The relationship between you and the person you choose to perform your accounting and taxes is far more important than you may think. For owners of skin care facilities, the right accountant functions almost like a partner, so it’s crucial that the relationship be comfortable and trusting. “Certified public accountants (CPAs) are more than just individuals who do your yearly taxes,” says business consultant and author Maria Marsala. “The right accountant can advise you on a long list of other services, which may include advice on your accounting systems, personal finance, estate planning and retirement. Following are seven tips that should help you to find the person who best fits your needs.
1. Perform a careful search for prospects. The best way to locate a compatible accountant is to ask bankers, insurance agents and even other spa owners around your community. “The information you share with your accountant is confidential,” says CPA and tax advisor Genevia Gee Fulbright. “Licensed accountants are bound to strict nondisclosure requirements.”
2. Verify your prospect’s credentials. “Some individuals working as bookkeepers or accountants have no formal license or education in accounting,” cautions Navin Sethi, CPA. “That’s why you should do a thorough investigation before you hire an accountant. The best way to protect yourself is to hire a CPA.” In order to earn the CPA credential, applicants must meet the requirements of the state or jurisdiction in which they practice.
3. Be sure to check references. Checking an applicant’s references is one of the most important steps in the hiring process. Although it may be rare, even professionals can misrepresent their credentials or simply leave out important information.
4. Find out if you’re comfortable with the person. Fulbright emphasizes the importance of having good chemistry between you and your accountant. “Make sure that you have clear goals, and that your prospective accountant understands them,” she says. “Go to lunch, have a conversation, and then see if you’re both on the same page.”
5. Use the 60% rule. “Look for a CPA who has 60% of her business coming from people like you,” says Marsala. “They’re more apt to keep up with the laws regarding the clients they deal with most often. If your business is incorporated, make sure that the accountant specializes in corporate accounting, including financial statements and audits.”
6. Consider your special needs. If you have—or are anticipating—unusual accounting problems, you should look for an accountant with specialized training or experience. Perhaps you have limited experience in personal financial management and would like to explore the possibility of increasing your investment portfolio. “An accountant who is also a certified financial planner (CFP) would be a good choice when you need investment/portfolio advice,” says Fulbright. According to CPA Carol Katz, “A business owner should consult with her accountant before entering into any significant transaction. Undoing a poorly thought-out transaction can cost much more than the time spent on a planning meeting and document review.”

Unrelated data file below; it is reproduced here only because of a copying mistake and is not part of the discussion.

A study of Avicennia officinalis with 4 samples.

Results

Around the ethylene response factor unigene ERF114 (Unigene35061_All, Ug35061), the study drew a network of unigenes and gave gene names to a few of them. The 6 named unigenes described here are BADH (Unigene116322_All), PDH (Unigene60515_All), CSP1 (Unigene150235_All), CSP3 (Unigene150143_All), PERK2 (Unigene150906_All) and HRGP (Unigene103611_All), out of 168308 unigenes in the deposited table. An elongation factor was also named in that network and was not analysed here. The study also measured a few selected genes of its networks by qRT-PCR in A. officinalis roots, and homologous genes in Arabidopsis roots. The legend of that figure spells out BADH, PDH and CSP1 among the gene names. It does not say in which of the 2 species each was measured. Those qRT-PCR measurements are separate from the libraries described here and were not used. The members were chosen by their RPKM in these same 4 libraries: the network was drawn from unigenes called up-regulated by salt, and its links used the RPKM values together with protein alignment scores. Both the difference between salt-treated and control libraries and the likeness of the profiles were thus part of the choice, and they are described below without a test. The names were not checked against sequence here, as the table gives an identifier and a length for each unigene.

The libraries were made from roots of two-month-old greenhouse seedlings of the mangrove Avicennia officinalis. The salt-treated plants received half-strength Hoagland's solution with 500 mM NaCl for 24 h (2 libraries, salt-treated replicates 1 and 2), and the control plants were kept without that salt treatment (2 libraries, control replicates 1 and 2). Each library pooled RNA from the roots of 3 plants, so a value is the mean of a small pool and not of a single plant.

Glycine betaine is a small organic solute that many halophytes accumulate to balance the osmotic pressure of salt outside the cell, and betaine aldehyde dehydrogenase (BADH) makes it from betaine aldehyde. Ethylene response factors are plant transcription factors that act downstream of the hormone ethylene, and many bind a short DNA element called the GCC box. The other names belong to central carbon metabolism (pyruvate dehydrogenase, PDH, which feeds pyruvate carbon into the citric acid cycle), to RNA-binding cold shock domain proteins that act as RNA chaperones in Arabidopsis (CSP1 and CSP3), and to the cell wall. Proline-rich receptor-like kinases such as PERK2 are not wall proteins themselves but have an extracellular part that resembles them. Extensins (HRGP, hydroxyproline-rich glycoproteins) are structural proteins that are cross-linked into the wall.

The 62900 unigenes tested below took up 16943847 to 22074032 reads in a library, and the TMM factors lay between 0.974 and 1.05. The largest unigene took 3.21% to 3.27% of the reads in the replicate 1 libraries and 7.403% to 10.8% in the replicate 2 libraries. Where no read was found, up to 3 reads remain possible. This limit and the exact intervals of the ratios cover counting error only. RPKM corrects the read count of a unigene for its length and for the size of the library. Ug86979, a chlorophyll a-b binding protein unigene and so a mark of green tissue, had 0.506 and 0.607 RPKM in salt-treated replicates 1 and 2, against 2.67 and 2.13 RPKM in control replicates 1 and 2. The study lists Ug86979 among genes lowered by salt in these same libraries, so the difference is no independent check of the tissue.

7. Don’t be afraid to make a change. Despite your best efforts, it’s always possible that you will find yourself working with an accountant who simply isn’t right for you. If you should find yourself in that position, you should not hesitate to look for a replacement. Your accountant is too important to your success for you to compromise.
“Small business owners and self-employed people should continually review where they are in the life cycle of their careers,” says Katz. “They may need to change the form of the entity as their profits grow. They many need tax-savvy ways to bring in family members to whom the business will eventually be transferred, and there should be a structure in place for the eventual sale of the business.” Finding the right accountant for you may take special effort, but the time you spend on that job may well prove to be among your most profitable investments.
William J. Lynott is a veteran freelance writer who specializes in business management, as well as personal and business finance. His work appears regularly in leading trade publications and newspapers, in addition to consumer magazines such as Reader’s Digest, AARP Bulletin and Family Circle. He can be contacted via e-mail at firstname.lastname@example.org.